Across the country, 60 percent of our streams, 117 million Americans’ drinking water, and 20 million acres of wetlands lack adequate protection from pollution. President Obama took a step toward fixing this in April of last year by proposing new guidelines to restore these protections, and Environment America has played a huge role in making this happen.

But the protections have not been finalized yet—in part due to polluter influence and continued threat of roll back in Congress. We have defended against the Congressional roll backs, and are having hundreds of thousands of conversations on this issue this summer across the country. We need the President to finalize these protections now, to ensure our rivers, lakes, and streams are adequately protected. The New York Times editorialized on the issue in today's print version. Among other things, the editorial says:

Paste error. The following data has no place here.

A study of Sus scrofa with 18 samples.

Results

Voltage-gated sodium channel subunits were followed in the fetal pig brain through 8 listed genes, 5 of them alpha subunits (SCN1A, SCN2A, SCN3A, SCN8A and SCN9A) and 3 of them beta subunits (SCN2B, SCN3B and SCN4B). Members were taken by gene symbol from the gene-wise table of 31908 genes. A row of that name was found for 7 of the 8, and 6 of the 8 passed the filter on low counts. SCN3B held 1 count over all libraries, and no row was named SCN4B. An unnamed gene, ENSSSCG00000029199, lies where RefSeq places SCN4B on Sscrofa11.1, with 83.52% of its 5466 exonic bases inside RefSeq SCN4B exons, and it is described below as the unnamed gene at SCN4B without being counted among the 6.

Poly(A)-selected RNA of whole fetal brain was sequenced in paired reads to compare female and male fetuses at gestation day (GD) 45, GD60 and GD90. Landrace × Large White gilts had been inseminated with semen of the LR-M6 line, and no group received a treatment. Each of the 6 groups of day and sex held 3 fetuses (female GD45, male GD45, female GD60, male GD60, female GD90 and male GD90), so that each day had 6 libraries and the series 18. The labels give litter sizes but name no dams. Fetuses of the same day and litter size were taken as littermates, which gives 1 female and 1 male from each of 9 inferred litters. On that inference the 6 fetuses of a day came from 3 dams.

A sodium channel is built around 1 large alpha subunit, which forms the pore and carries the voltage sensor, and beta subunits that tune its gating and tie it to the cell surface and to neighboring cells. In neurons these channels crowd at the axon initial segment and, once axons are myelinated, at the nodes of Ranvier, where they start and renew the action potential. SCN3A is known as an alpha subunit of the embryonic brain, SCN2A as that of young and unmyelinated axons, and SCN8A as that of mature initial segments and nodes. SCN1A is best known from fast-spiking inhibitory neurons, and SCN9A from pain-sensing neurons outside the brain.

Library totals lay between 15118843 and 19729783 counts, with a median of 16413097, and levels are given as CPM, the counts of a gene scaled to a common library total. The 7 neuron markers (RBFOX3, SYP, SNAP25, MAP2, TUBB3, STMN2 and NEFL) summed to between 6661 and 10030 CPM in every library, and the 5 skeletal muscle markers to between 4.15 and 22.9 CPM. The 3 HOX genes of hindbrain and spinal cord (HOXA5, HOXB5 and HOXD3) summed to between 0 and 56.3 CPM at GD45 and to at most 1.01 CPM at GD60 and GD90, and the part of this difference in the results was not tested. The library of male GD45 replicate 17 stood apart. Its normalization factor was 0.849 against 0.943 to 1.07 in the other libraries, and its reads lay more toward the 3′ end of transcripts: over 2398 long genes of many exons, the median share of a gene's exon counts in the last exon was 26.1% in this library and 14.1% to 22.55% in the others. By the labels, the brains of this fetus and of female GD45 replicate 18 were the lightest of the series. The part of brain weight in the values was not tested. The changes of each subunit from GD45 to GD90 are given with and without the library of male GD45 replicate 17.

Environmentalists welcomed the guidance for its clarity and common sense: Small tributaries and wetlands with a hydrological connection to larger downstream waters would be covered. Irrigated areas, and farm ponds constructed for watering animals, would not. Not surprisingly, commercial and farming interests denounced the proposal as another “job-killing” regulation from the E.P.A. The White House, which has been under steady attack from House Republicans for supporting new clean air rules, appears eager to avoid another fight.

This is bad environmental policy, and it doesn’t buy the president much of anything politically. Instead of trying to appease Republicans — who will come after the White House no matter what — Mr. Obama should release the guidance and explain to Americans why it is essential for keeping this country’s water clean and safe.

The Times really hit the nail on the head here and we hope the Administration takes heed.